Ian McCue, Senior Associate Content Manager

In 1997, Amazon and eBay were just two years old, and Walmart.com had been around for just a year. And it was that year that Dr. Joel Schlessinger first had the idea to sell skin care products online.

A full-time, board-certified dermatologist, Schlessinger hired a few developers to build a shopping cart for what was his informational dermatology site, LovelySkin.com, and the ecommerce site took its first orders in January 1999. Schlessinger already had a successful medical practice in Omaha, Neb., and saw the online store as a way to give more people access to a wide selection of skin care solutions and assist patients who had moved away but still needed skincare products.

What started as a tiny subsidiary of the medical practice became a successful business in its own right. LovelySkin partnered with more brands and expanded its product catalog to include makeup and cosmeceuticals, hair care and skin care products, and hair care tools. LovelySkin even developed its own skin care lines, including AFA™ gels and moisturizers and FixMySkin healing balm, which Schlessinger developed with his son, Daniel Schlessinger, MD, when Daniel was just 12 years old.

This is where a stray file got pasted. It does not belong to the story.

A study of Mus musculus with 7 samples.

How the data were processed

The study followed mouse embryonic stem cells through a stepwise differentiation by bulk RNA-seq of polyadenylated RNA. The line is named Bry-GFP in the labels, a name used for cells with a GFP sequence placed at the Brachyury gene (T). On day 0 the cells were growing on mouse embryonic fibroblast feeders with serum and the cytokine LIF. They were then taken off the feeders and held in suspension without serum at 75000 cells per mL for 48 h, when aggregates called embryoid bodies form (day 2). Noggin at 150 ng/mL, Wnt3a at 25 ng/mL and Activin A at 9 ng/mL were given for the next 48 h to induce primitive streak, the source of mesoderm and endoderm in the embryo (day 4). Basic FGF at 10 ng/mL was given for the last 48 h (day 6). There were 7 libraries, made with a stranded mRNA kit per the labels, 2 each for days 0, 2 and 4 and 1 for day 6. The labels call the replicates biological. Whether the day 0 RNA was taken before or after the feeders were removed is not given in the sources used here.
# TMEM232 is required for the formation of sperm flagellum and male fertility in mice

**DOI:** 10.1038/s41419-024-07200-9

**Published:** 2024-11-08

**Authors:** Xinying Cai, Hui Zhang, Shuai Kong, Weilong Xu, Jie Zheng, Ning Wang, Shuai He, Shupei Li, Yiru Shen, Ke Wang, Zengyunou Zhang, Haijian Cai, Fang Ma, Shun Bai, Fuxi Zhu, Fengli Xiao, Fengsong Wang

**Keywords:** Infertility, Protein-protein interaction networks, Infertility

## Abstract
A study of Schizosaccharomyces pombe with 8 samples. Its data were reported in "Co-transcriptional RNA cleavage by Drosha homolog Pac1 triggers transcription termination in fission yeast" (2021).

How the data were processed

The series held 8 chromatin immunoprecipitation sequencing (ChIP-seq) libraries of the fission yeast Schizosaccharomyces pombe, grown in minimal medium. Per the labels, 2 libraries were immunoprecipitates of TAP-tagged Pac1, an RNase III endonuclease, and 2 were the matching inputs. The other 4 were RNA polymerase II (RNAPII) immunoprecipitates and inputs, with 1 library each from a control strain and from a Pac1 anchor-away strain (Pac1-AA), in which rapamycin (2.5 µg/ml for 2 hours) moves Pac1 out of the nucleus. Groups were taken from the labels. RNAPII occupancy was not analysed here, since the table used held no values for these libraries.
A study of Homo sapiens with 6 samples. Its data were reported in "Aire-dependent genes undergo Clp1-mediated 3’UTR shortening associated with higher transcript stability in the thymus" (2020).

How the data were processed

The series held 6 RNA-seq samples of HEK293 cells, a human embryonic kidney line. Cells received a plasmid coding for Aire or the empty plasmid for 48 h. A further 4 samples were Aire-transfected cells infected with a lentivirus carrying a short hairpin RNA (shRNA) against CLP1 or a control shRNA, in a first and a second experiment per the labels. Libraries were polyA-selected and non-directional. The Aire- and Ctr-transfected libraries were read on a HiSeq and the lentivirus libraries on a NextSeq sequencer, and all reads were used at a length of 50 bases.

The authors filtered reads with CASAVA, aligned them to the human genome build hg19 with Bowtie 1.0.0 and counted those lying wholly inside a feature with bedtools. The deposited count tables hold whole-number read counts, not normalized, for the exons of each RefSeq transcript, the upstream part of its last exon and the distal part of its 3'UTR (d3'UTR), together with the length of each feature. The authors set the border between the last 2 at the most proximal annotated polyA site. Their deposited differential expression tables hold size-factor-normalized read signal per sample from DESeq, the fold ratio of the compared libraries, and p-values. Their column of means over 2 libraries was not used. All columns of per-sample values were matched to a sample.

More than two decades after Schlessinger founded the company, it’s busier than ever. Like many online retailers, LovelySkin saw demand for its products spike during the coronavirus outbreak. Revenue was up 100% year-over-year in April and 50% in May. Two things contributed to that spike: competitors that relied on Fulfillment By Amazon (FBA) not being able to ship their goods to Amazon warehouses for nearly a month when it only accepted essential products and shoppers who couldn’t leave their house, no less visit local retailers, to get products.

LovelySkin also has an Amazon storefront, where orders rose from 2,000 to 6,000 per day from March to late April.

“It’s been a very significant increase,” Schlessinger said. “Clearly not every business has experienced such an impact – we consider ourselves to be incredibly fortunate. I am also very grateful that we were prepared to both scale and pivot as necessary.”

During that spike, the company had the right people and tools to keep up with the rush of orders. But that wasn’t always the case.